Meade lx90 8" SCT made 13 years ago, according to the print mark on the corrector plate edge.

After watching many vids, reading in the forums etc. and being annoyed with black specks and dust on the

primary and secondary mirrors and corrector plate surfaces, I did the deed and took the plate off

and gently cleaned (pec pads, distilled water, iso alcohol etc etc).  I put it back together aligning

the factory marks of the corrector plate, no shims were moved or lost and I tightened down the plate gasket

ring with even torque to the screws in a non-circular pattern.

I tried to collimate using Deneb as best I could and then did some test images of Deneb while

pointing near direct overhead, focused manually CCW and got this :

 

deneb_sct_20200808.jpg

 

image is with ASI385MC-cool 1.5 sec at 240 gain, -15C, SCT has a Meade 4000 0.63x FF/FR mounted inside

a Moonlite CS focuser.  

Not trying for a pretty image : I focused while standing right beside the scope which sits on a balcony.

What is causing the flare and the purple ring just  above Deneb?  I can focus that purple

ring to a dot at the expense of everything else in the image going out of focus.


Edited by DeanCN, 08 August 2020 - 12:05 AM.


#2 james7ca


It's not unusual to get reflections when imaging a very bright object with an SCT. Did you ever try to take a similar image before you cleaned the corrector? Similarly, the "flare" on Deneb looks like a combination of diffraction and reflections, perhaps from the tube baffle that juts up from the primary mirror.

 

Also, if this image is from the center of the field or is the entire field (just reduced, not cropped) then it looks like your focus was off and/or you have a collimation problem. However, if it is significantly off axis (cropped and not from the center of the field) then the situation may not be as bad as it looks.


Edited by james7ca, 08 August 2020 - 12:48 AM.



i never noticed this before, and for the first time imaged without a dew shield since

I now have a dew heater strap. Im trying to reduce payload on the mount

and also image later into the night when or at locations where dew conditions arise.

The flare I get could be a reflection, but what about the purple ring that can be focused?

Deneb was at the center of the field.


Edited by DeanCN, 08 August 2020 - 12:56 AM.


#4 Kokatha man


...looking at all the comet-like appearances of the stars in the fov it's pretty obvious that your collimation attempt was not successful, unfortunately. frown.gif

 

Btw, I hope you tightened the corrector retainer ring only minutely past the point where the undersides of those screws' heads contacted with the retainer ring - they should never be "tightened" in the normal sense..!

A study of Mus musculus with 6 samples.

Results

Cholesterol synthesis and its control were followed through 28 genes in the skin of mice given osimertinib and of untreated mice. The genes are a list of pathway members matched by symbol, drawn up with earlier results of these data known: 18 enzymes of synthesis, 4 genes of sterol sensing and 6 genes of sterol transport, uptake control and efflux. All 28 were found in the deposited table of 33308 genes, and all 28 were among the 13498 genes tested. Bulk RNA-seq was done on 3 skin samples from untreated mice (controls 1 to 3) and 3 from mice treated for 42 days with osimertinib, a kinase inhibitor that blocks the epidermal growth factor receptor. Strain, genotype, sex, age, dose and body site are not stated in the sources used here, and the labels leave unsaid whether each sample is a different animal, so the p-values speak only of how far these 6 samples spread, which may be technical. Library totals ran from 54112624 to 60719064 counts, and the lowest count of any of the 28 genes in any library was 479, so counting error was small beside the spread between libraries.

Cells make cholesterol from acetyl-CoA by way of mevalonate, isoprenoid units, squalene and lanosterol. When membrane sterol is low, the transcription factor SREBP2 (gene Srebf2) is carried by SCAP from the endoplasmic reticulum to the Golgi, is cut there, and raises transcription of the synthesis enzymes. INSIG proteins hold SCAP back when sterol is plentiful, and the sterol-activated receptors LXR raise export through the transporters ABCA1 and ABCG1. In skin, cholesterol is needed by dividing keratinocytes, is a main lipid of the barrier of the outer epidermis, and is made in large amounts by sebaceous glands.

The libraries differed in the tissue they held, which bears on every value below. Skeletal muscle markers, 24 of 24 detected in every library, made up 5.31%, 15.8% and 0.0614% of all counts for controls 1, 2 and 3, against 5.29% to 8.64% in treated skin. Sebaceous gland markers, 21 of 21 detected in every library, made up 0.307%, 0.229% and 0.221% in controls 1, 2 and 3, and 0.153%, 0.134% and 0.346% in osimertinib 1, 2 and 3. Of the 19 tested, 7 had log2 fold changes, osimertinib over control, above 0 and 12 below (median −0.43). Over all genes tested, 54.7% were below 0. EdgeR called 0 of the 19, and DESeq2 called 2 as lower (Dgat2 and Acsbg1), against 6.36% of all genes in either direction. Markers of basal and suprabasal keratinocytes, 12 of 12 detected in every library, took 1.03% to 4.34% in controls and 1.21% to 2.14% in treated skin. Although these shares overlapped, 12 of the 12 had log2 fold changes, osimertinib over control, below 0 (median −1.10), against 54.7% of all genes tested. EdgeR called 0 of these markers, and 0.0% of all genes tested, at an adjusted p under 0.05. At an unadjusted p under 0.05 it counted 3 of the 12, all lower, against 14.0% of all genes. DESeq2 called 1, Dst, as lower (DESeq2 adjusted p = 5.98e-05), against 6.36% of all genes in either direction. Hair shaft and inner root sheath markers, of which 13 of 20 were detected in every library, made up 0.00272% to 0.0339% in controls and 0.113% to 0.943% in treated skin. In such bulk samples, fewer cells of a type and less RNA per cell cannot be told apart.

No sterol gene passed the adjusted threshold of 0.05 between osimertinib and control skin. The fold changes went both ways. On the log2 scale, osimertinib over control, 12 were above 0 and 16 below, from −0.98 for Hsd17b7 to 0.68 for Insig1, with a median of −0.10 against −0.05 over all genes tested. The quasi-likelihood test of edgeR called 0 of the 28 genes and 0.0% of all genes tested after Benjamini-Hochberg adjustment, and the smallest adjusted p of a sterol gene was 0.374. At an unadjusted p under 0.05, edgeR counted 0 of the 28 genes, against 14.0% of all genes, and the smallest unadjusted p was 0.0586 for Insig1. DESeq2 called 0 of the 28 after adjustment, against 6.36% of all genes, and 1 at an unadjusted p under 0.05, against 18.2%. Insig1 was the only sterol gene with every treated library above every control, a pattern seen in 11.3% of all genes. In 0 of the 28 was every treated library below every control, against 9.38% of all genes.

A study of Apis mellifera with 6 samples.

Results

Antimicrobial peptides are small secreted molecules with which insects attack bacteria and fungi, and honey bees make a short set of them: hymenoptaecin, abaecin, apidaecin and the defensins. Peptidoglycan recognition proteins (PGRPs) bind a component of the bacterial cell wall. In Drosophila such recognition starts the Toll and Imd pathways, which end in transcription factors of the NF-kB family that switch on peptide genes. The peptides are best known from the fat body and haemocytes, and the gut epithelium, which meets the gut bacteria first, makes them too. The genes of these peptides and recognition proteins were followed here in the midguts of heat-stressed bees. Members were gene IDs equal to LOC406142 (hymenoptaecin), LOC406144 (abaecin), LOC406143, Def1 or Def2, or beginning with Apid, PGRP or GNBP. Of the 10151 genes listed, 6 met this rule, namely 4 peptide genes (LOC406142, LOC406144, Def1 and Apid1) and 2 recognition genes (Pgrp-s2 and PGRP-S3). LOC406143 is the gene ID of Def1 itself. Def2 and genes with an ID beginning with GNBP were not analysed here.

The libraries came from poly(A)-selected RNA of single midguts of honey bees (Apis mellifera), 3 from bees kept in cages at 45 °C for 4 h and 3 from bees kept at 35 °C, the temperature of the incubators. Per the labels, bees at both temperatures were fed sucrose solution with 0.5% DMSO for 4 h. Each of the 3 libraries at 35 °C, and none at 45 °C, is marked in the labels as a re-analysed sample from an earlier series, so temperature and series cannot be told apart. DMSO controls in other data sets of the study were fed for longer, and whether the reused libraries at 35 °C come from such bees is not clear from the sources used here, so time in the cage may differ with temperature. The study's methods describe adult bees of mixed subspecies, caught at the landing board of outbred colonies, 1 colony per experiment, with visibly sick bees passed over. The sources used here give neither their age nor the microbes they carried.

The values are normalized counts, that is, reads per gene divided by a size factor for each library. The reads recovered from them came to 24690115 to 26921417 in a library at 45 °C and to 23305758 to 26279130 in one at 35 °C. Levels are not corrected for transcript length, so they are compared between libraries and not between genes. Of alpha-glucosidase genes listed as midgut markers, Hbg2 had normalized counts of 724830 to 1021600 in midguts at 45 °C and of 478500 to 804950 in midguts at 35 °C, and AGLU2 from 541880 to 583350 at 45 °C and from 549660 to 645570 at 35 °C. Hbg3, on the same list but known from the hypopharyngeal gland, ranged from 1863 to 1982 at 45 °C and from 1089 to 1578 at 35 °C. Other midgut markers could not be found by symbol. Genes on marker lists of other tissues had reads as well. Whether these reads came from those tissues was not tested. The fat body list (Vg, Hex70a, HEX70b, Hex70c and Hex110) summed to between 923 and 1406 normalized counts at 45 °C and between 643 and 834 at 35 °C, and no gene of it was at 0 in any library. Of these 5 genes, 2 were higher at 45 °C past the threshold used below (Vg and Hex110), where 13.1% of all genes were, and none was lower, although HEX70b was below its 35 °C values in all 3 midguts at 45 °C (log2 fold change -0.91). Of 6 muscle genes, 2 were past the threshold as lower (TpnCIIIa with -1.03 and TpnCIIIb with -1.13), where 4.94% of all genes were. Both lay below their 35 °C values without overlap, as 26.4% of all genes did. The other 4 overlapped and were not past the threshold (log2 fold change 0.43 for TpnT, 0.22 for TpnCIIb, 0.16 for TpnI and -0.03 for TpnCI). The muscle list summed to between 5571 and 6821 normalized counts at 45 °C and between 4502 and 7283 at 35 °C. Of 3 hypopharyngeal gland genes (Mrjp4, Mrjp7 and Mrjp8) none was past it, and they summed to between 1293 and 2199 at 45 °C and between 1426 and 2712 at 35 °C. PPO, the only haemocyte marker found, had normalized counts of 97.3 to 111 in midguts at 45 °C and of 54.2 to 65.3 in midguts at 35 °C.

...Deneb was at the center of the field.

 

If that's from the center of the field then you've got a pretty serious alignment or aberration problem.



#6 DeanCN


short of buying a Hotech SCT laser collimator or shipping off to Dr Clay, I'm not sure where to begin to address

the issues.  I took 3 digital caliper inner measurements from the outer circumference

of the secondary to the inner circumference of the lip that extends past the end of the OTA

and perpendicular to each collimation screw location. They were no more than 1 mm

in deviation at that precision of measurement technique.  The gasket screws are "snug +"

and not as tight as when I first broke them loose.  Pointers to articles/other posts or

continued responses would be much appreciated.



#7 Kokatha man


<"The gasket screws are "snug +" and not as tight as when I first broke them loose.">

 

Be mindful that when you first loosen each retainer-ring screw it is quite likely that they will appear to require more force than what you need to re-tighten them..!

 

I use my thumb & next 2 fingers to lightly hold a screwdriver's handle as I "tighten" each one in the manner you tighten auto wheel nuts...but I emphasize that "tighten" is not really an appropriate word! lol.gif

 

When each screw seats I go onto another opposite screw until they are all seated - "seated" meaning the underside of the head has made contact with the retainer ring!!!

 

Once all are seated then apply a meagre amount of additional turning such that the light hold you have on the screwdriver handle with the thumb & 2 fingers allows slippage between them & the handle - that's it!!!

 

Forget about those caliper measurements btw - they're fairly useless tbh.

 

And forget about Hotech collimators or anything else along those lines - SCT collimation is about as easy as it gets & to me it appears patently mis-collimated: in my signature I give some collimation tips for planetary imaging where we are dealing with very high f/l's (6000mm Vs your approx. 12/1300mm)...you might find something useful therein & try to emulate some of the suggestions on Deneb & see how you go! wink.gif



#8 DeanCN


yep, I tightened in a pattern similar to what one does with car rims.  Thanks for the links.

I'll re-post when I get a chance to collimate (successfully).